Tuesday, Nov. 15, 2011
 

Bank of New York Mellon Corp. will cut at least $650 million from its cost structure by 2015, including consolidating some office locations, CEO Gerald Hassell said Monday.

During a conference call with analysts, Hassell and other executives did not identify locations that would be down-sized or closed. Other savings would come from operating improvements such as consolidating computer applications, centralizing purchasing and bringing software development in-house.

Hassell said the three-year cost-cutting plan would "reduce our expense run rate in a meaningful way."

"I'd think Pittsburgh, as a home base would come out all right," said Jeff Harte, an analyst at Sandler O'Neill & Partners, Chicago. "But it's hard to say."

After the conference call, BNY Mellon shares closed lower, at $20.55, down 96 cents, or about 4.5 percent.

"The cuts do not have the impact that most people were hoping" for, Gerard Cassidy, an analyst with RBC Capital Markets in Portland, Maine, said, explaining the decline in the stock price. BNY Mellon's cost-cutting moves were not as aggressive as those taken by Boston-based rival State Street Corp., he said.

Asset servicing, which involves keeping track of client investments, would absorb the largest share of the expense cuts, Chief Financial OfficerThomas Gibbons told analysts. He also said the bank would see restructuring expenses of $80 million to $100 million in the current quarter "to get the program started."

In early August, former CEO Robert Kelly announced BNY Mellon would cut about 1,500 jobs, or about 3 percent of its global work force, starting this fall to reduce rising operating costs. Kelly unexpectedly resigned at the end of August.

Hassell, who succeeded Kelly, did not indicate yesterday how many jobs would be eliminated or in what locations. But he said $650 million to $700 million in costs woud be taken out.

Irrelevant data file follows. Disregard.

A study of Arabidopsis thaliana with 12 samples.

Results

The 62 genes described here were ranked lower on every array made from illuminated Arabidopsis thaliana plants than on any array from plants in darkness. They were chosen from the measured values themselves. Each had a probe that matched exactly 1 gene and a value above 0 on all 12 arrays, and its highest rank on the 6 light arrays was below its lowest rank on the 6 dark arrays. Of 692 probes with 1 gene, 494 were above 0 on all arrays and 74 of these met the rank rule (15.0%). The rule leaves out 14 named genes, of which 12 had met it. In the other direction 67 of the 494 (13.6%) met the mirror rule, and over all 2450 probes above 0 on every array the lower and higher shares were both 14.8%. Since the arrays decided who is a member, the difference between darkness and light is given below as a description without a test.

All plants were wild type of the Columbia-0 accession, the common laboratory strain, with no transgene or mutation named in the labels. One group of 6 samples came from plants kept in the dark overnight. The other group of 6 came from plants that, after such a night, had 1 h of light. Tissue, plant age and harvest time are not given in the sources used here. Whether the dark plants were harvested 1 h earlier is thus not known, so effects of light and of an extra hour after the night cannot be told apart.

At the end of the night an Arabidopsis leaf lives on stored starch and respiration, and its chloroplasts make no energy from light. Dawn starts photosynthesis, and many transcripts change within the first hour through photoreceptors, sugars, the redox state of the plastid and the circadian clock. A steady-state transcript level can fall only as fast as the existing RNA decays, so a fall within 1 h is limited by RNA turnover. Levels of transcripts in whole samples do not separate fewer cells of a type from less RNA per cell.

BNY Mellon employs 7,760 people in the Pittsburgh area out of 48,000 worldwide.

"It's not just BNY Mellon. All the trust banks are working on expense reduction," said Harte, because revenue growth is hard to generate in a down economy with low interest rates.

"Hassell strikes me as a little harder on expenses than Kelly was. But it's hard to think expenses management is what drove Kelly's departure," said Harte.

When asked by an analyst yesterday why Kelly left, Hassell said: "I'm moving on. We have a great team, and I don't have anything more to say on it."

BNY Mellon, the world's largest custody bank, also will raise fees on many institutional clients in order to meet revenue growth targets, even if it means some of them decide to leave the bank, said executives.

Gibbons said BNY Mellon should be able to increase annual revenue by 3 percent to 5 percent from 2012 to 2014, or just above peer average.

Hassell defended the bank's pricing of foreign-exchange transactions. BNY Mellon was sued last month by the New York Attorney General and the U.S. Attorney's Office in Manhattan for overcharging clients on those trades.

Hassell said that while the accusations were "unfair," he would be willing to settle the matter on "reasonable terms."